Learn the basics about Italian gelato including what makes it a unique frozen dessert. Plus, I'm sharing all the secrets for how to make and store gelato after going to culinary school in Italy.
This beloved treat is not only well loved by Italians but also by the millions of tourists who visit Italy every year. With almost 40,000 gelato shops located around Italy, it's fairly easy to find good gelato when in Italy.
But, if you don't live in Italy, it can be hard to find delicious tasting gelato in other parts of the world. I'm sharing all my knowledge about gelato so you can make delicious Italian gelato, no matter where you live.
What Is Gelato?
Gelato is a frozen dessert that's made with specific ratios of water, fats, sugars, stabilizers, lean milk solids, and other solids.
Gelato is known for its dense texture and creamy taste. There are many unique qualities about gelato that make it different from ice cream and other popular frozen treats:
- It has an overrun (the amount of air incorporated into the gelato base) of 25% or under.
- It's stored around 5°F (-15°C) to 10.4°F (-12°C).
- It uses less fat than classic American ice cream.
- To serve, it's swiped with a pallet and then smashed down to remove the air.
Let's keep walking through how to make Italian gelato so you can see even more things that make it special.
Depending on the recipe formula, gelato can be made from a mixture of a variety of ingredients. Here's an overview of the components of gelato:
- Sugars: The ratio of sugar helps to determine how quickly the gelato will melt, as well as lowers the freezing temperature of the mixture. The most common types of sugars include sucrose (granulated sugar), dextrose, glucose, honey, and fructose.
- Milk: The milk products help with the texture and structure of gelato. Milk (whole, partially skimmed, skimmed), powdered milk (skimmed, whole), and condensed milk are commonly used.
- Fats: Although gelato has less fat than ice cream, there still is a portion of the recipe that needs to include fat. These ingredients help with the flavor. Oftentimes milk, cream, butter, egg yolks (popular mostly in Northern Italy), extra virgin olive oil, cocoa powder, or nut butter are used.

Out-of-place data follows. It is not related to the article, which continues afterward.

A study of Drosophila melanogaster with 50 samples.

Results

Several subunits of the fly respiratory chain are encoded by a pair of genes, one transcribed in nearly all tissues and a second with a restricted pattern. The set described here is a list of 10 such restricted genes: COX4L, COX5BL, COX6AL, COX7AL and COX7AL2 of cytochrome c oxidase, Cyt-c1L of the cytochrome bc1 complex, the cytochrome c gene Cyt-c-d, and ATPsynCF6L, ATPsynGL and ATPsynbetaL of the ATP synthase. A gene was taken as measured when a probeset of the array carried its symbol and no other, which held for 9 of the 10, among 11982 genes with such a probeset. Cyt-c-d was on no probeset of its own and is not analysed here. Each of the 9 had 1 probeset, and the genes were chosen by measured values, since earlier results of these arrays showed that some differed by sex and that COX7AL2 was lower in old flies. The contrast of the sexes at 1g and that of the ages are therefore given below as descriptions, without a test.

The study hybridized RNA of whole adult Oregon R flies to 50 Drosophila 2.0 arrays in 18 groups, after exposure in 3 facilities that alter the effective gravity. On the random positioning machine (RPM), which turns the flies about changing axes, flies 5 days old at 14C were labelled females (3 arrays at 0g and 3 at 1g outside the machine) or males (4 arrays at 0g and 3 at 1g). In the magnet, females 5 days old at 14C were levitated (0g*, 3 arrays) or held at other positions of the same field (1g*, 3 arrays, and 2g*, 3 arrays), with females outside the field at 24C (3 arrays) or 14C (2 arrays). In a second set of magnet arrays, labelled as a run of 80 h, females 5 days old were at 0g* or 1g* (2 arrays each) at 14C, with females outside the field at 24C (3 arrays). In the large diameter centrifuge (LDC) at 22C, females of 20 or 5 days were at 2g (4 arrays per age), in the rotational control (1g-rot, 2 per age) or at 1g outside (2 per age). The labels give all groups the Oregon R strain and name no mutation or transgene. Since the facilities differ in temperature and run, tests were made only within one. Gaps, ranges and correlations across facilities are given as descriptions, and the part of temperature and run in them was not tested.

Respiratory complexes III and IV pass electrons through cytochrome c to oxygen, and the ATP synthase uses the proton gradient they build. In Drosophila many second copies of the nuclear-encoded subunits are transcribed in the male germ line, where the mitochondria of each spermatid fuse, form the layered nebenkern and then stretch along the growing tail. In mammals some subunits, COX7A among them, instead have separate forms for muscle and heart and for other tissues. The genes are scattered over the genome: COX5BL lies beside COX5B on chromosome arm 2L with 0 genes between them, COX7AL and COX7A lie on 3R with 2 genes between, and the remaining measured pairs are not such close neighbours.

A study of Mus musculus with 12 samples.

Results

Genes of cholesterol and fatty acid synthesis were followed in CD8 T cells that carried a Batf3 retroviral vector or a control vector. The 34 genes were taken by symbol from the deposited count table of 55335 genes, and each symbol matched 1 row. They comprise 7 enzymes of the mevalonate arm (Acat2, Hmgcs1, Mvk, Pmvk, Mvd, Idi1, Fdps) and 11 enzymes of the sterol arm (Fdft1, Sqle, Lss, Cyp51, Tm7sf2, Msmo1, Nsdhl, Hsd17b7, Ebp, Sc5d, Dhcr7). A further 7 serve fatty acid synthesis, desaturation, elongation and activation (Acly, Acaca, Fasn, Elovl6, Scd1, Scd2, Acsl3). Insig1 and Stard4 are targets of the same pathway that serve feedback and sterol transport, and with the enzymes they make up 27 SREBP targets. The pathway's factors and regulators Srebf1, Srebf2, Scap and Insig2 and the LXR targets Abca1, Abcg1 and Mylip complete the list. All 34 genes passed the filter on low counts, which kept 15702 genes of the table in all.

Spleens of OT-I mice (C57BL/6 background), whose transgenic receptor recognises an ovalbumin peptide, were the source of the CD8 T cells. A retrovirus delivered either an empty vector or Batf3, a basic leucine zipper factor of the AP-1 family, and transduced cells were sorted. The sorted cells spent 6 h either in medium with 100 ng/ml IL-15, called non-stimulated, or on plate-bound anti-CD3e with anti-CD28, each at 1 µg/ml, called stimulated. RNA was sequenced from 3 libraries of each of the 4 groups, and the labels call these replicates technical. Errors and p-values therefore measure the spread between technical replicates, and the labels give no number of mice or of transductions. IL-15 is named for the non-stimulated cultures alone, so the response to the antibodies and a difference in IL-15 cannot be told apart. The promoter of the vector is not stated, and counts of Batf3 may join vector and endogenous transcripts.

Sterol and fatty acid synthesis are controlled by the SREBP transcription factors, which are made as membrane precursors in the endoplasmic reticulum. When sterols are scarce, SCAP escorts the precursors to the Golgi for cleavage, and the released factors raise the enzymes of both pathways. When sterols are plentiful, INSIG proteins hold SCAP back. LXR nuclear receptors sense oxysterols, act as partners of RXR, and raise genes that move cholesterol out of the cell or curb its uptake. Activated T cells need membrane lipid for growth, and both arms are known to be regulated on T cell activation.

- Stabilizers: Stabilizers help to thicken the gelato. Popular options include guar gum, lotus bean gum (carob), agar-agar, carrageenan, or gelatin.
- Water: Water is found in ingredients like milk and cream.
- Air: While not technically an "ingredient", air gives gelato a creamy and soft texture as it churns.
- Additional Flavorings: Optionally, to add more flavor, you can use ingredients like cocoa, coffee, fresh fruits, or hazelnut paste.
The Cooking Process
An important part of making gelato includes the cooking process.
Depending on the ingredients you choose to use, they'll need to be added in at various times. However, here is a basic outline of the cooking process:
- Cook the milk in a heavy bottom saucepan over medium heat until it reaches 105°F (40°C) on an instant read thermometer.
- Once it reaches temperature, whisk in granulated sugar and nonfat milk powder.
- Next, whisk dextrose, guar gum, and locust bean gum in a small mixing bowl. Once the granulated sugar and nonfat milk powder are dissolved, you can whisk in the dextrose mixture.
- Continue cooking the gelato base over medium heat, stirring often to ensure it doesn’t burn until it reaches 195°F (90°C) on an instant read thermometer. This is the pasteurization process.
- Remove the saucepan from the heat. Then, whisk in the heavy cream.
- Strain the gelato base and allow it to rest in the refrigerator for 24 hours.
After the gelato has had time to cool and rest in the refrigerator for at least 24 hours, it's time to gel (churn) the gelato.
Gelato machines are different than ice cream machines in both the design and how much air they incorporate into the gelato. Most gelato machines are a canister with blades inside.
As the machine turns, it starts to gel the gelato that's on the outer edge of the canister. The blades help to keep a consistent flow and gel the entire gelato base throughout this process.
Technically speaking, if you want to make high-quality, Italian gelato, you'll need to purchase a gelato machine that is specifically meant to gel gelato.
However, I know that many home chefs do not have access to this type of industrial equipment. You can still gel gelato in an at-home ice cream machine. It just won't have the exact same consistency as the ones you've tried in Italy that are made with professional machines.
Before gelling the gelato, place a storage container in the freezer to chill. Once the gelato is done churning, place it immediately into the chilled storage container and then into the freezer.
How To Store Gelato
Gelato can be stored for up to 2 months when stored in a deep freezer that's kept at -4°F (-20°C).
However, you'll oftentimes find gelato stored in a "vetrina" or display window when you walk into a gelato store. This is a way to store gelato at the proper serving temperature, 9.5°F (-12.5°C).
If you're ever purchasing gelato from a vetrina, make sure the gelato is stored in metal containers with lids to keep the gelato at the proper serving temperature.
Be sure to watch out for crystallization in your gelato if it's been stored for an extended period of time. Gelato that has been frozen, taken out of the freezer, then refrozen, can start to form ice crystals.
Ice crystals can make the gelato hard and possibly even "crunchy" if there are severe temperature fluctuations.